Born in the Russian port city of Vladivistok, near the North Korean and Chinese borders, then moving near Moscow as a teenager, Proxy makes dance music that’s relentless and brutal, but just on the right side of the line to keep you listening. He’s also a delightful character, making pronouncements like, “Men are disposable and weak. Why must art and dance music always seek to affirm that they have such great value? They do not, and will receive no such validation from me,” as he told MTV Iggy. The second half of his two-part debut album, called Music from the Eastblock Jungles (a Prodigy reference), comes out next week via Dim Mak and Turbo Recordings, and it’s a dark, raving monster. Stream his FADER mix above and download it below, where you’ll also find our enjoyable chat about girls in cocktails dresses, revolution and hope.
Download: Proxy’s FADER Mix
01. Proxy – Revolution
02. French Fries – Space & Smoke (Justin Martin Remix)
03. Daniel Avery – Need Electric (Original Mix)
04. Marseille – Underground
05. Boy 8-Bit – We Move By Night Blood Music
06. Zombie Nation – Brownsville
07. Clouds – Those Cracks In Your Face, Do They Hurt! (Truss Remix)
08. Clouds – Krafterah (Original Mix)
09. MPIA3 – Acid Badger
10. Posthuman – The Benz (Ben Sims Acid Remix)
What are the Eastblock Jungles? What are they like? It’s full of contrasts. Extremely rich and equally poor. It is at once beautiful as it is repellant. These contrasts extend to the world of music. The landscape is ridden with shameful clones of existing international stars. There are dubiously entrenched local DJs who have no discernible musical background, but end up playing with Tiësto, while scores of talented producers could not even barter their music for prison-grade cigarettes. The clubs desperately grasp at some notion of glamour, which to them seems to mean dire commercial music, “cocktails” and girls in dresses. It is a thin illusion, the poor attempting to resemble their imagined betters. To me, this is not serious work; it is well beneath the position I have fought to attain. That said, where I am from inspires me on all levels.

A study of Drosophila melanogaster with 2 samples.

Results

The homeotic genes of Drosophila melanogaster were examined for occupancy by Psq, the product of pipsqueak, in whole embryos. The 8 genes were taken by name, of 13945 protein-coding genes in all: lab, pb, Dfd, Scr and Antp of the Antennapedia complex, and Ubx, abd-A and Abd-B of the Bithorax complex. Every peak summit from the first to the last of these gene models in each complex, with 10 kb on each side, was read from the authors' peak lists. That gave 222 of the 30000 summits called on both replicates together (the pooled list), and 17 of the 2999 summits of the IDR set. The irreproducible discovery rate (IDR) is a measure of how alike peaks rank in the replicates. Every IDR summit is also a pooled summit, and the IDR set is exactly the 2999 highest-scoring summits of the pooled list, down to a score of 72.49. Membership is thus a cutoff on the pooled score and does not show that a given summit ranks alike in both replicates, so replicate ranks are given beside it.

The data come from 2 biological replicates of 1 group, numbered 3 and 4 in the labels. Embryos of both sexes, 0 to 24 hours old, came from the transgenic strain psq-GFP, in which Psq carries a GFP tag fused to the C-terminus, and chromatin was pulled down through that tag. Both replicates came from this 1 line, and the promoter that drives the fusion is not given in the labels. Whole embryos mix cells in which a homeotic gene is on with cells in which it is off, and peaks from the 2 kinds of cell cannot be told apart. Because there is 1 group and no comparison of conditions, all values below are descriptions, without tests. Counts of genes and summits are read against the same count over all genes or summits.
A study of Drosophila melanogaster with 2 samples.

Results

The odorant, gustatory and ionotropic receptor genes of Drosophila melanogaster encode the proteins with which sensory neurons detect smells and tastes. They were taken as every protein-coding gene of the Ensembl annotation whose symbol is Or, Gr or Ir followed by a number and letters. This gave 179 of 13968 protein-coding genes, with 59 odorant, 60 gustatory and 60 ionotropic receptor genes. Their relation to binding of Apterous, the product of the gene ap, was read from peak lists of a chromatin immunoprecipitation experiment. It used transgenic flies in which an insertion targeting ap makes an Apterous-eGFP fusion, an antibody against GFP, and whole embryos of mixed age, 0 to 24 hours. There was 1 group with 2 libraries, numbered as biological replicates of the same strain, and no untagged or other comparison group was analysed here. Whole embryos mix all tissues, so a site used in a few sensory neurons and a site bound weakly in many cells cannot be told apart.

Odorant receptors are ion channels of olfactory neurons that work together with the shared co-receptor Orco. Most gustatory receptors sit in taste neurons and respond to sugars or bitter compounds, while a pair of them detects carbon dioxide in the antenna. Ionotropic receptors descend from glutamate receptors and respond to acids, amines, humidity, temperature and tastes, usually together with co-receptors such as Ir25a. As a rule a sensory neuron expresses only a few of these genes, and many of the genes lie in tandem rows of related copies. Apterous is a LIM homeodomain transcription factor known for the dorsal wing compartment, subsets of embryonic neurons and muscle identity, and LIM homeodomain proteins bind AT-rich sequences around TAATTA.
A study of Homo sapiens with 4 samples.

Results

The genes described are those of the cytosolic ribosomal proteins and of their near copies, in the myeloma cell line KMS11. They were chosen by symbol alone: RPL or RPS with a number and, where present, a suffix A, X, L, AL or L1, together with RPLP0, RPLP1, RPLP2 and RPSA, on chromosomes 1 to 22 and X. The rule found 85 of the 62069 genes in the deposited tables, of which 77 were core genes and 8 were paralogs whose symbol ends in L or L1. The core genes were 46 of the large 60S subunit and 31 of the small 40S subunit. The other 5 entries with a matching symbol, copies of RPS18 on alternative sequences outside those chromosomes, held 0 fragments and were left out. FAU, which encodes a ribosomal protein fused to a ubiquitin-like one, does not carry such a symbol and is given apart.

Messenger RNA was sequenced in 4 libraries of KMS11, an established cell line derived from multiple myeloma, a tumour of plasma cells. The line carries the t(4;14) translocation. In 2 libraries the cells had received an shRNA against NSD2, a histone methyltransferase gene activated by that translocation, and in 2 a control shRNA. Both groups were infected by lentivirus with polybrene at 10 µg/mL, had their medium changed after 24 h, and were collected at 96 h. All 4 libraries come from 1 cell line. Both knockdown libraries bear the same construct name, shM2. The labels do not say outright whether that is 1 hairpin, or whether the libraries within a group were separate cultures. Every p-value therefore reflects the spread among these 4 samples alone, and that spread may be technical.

Sometimes your music seems less suited for a nightclub than it is for fighting. What will the revolution that Proxy soundtracks be like? A pretty heavy revolution. I like people making their own judgments of my music. It’s a great escape. I write for people to enjoy, but I also like the music to retain integrity. It will be a BIG revolution, but one full of hope NOT anger!
Do you feel hope for the world? It’s very important to feel hope for the world. There is a lot of destruction in this world, but we must not forget there is a lot of beauty on this planet. We always have to have hope. My music is hope.
What do you do besides music? Films, computer games (I’m good!) and just the usual things with close friends. It’s important to have these people in your life.